Most commonly you’ll find a link for “previous entries” or “older entries”. A link that takes you to Page 2 of the site. And page 2 is always the same format as the homepage.

There are some unique dynamics to weblog design. You’re designing for three groups of people:

  • Regular readers who check in daily, or near daily
  • Familiar readers who check in occasionally
  • New visitors

Regular readers tend to hang out at the top of the site or in the RSS feed. Since they are tracking with the weblog they are up to date with what’s been written lately. In fact, many regular readers may not even visit the site and read only from their feed reader.

Familiar readers who check in occasionally are likely to only peruse and read what’s on the homepage. They come to the site, look to see what’s new that they haven’t seen since last time, and then move on.

New readers are actually most likely showing up for the first time onto a permalink page because they got to your site via a link or a search result to something specific. From there, if they like what they’ve read, they’re likely to read more articles or click to the home page and see what is happening.

And so, when someone (who is most likely a new visitor) has scrolled to the bottom of the recent posts on the homepage, before they get to the footer what should they see?

Is a link to Page 2 the best option? I don’t know; the advantages and disadvantages vary based on the site.

Advantages of having a link to Page 2:

  • It’s conventional: Lots and lots of sites use it.
  • It’s familiar: Because it’s conventional.
  • It’s simple: There is only one option: If you want more, click here. If not, see you later alligator.
  • You stay in the same context: The format of page 2 is the same as page 1 which means the reader is not changing contexts from reading to lists to reading again.

Disadvantages of having a link to Page 2:

  • On this site I post dozens of links to every one article. If someone is scrolling through page by page it means they are primarily scrolling through lists of links. And while that’s cool, links are not the premier feature of this site. Though they are the most common type of post, they’re not the most valuable.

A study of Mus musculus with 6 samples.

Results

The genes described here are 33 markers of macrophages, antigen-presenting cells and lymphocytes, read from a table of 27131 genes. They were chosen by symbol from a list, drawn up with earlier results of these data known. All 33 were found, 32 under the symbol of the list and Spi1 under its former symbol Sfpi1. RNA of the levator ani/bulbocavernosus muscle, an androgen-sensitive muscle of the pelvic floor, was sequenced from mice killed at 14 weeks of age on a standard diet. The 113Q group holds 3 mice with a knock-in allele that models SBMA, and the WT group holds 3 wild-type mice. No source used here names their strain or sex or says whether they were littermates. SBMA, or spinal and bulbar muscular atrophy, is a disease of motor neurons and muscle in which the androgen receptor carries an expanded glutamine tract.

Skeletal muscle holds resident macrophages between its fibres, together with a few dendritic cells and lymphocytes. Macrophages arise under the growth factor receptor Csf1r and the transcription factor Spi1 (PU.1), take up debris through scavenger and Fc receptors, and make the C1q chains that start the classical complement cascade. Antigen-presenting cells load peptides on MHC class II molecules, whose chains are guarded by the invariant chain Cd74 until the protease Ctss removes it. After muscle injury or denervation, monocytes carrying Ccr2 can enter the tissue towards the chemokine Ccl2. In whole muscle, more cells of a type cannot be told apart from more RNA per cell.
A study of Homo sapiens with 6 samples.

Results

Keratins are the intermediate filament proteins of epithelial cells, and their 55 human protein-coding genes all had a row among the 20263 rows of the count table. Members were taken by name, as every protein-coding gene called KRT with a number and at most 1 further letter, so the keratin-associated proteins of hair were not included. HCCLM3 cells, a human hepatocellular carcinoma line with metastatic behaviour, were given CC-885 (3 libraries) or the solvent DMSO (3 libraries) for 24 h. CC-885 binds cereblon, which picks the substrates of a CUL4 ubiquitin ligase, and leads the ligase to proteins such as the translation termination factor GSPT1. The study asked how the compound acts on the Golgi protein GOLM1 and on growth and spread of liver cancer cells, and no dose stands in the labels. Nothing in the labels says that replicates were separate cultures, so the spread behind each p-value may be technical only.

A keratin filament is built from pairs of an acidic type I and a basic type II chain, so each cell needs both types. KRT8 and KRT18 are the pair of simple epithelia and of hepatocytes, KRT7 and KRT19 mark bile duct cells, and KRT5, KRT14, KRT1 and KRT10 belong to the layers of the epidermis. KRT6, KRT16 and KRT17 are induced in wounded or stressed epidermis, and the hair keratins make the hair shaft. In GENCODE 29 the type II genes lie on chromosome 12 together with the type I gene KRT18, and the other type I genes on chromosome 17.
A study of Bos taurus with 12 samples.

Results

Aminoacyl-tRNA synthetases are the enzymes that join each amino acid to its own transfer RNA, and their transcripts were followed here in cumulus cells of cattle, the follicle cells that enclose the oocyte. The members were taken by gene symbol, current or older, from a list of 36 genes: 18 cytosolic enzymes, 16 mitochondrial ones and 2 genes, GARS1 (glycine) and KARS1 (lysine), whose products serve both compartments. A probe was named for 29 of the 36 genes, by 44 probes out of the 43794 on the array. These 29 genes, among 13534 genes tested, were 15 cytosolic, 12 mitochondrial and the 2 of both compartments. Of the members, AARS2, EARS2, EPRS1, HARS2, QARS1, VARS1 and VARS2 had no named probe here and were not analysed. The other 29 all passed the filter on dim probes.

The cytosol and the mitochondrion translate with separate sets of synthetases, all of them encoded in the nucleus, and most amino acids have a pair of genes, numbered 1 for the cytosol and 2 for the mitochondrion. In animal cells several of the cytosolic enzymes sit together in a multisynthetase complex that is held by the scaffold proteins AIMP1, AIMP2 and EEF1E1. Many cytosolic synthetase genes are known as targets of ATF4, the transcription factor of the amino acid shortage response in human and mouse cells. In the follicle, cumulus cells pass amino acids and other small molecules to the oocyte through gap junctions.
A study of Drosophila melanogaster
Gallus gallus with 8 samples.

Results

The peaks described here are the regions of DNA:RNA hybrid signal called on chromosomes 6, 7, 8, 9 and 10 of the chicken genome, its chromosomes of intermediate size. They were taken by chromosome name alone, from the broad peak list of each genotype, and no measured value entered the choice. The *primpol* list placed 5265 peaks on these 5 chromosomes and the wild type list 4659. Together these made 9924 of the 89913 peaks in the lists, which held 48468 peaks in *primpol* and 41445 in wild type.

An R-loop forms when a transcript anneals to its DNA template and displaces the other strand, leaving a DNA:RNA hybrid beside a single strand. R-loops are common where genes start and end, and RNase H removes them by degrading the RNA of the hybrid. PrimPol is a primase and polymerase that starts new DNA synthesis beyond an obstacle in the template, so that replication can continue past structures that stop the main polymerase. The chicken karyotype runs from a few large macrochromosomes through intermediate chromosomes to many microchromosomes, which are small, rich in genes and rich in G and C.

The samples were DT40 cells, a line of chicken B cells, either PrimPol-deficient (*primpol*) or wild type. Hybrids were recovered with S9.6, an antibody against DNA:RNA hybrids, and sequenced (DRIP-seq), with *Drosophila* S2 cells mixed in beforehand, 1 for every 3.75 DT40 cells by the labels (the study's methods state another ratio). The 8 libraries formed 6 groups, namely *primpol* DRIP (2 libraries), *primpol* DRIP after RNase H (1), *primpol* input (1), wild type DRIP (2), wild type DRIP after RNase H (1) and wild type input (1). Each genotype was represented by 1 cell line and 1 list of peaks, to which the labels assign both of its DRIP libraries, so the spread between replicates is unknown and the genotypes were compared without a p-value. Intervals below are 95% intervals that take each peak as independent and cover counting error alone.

• Some of the work I am most proud of may not have been in the past few weeks or even months. Someone browsing page by page may never get to what I am most proud of.

What Others are Doing

I wanted to see how other weblogs handle pagination navigation. I took screenshots of the bottom of the homepage of 31 different weblogs to compare how they’ve implemented pagination navigation, if they’ve implemented it at all.

I chose sites that are run as a traditional blog, meaning the most recent posts are at the top of the page and usually where several posts are shown at once. I also chose sites that are published by people who (most likely) have thought through this sort of thing for their site.

Of the 31 sites, 19 had some sort of “older entries” style pagination navigation and 12 had something else.

Weblogs with pagination navigation: Kottke.org, Jason Santa Maria, TechCrunch, Jeffery Zeldman’s Daily Report, dooce, Seth Godin, Andy Ihnatko, 43 Folders, Cameron Moll, Panic Blog, Liz Danzico, The Hickensian, Simplebits, The Brooks Review, I Love Typography, swissmiss, This is my next…, Waxy.org, and 37signals.

Weblogs with something other than pagination navigation:

Trying Something New

Since the inception of this site I’ve had the common link to Page 2. I am now testing something new here: I replaced the link to Page 2 with links to recent articles, interviews, and reviews instead. I’ve also increased the number of articles and links that appear on the home page to 25 total.

The goal is to offer the best choice for the reader, based on what I, as the publisher of my site, consider to be the most valuable. Is a link to Page 2 the best way for a reader to continue exploring my site, or would they be better served by discovering the articles I’ve written and am most proud of? 1

Honestly, I’m not sure yet. Though I do think that if I only ever wrote articles it may be a different answer.


  1. Some readers have written in to suggest that I offer a link to Page 2 as well as a link to recent articles, reviews, and interviews. I somewhat like this idea, but my biggest hesitancy is that it may present too many options. When a user is presented with too many choices they will likely chose none. In fact, I already am feeling like having 3 links at the bottom of the page is too many. But at least they are 3 links of the same type.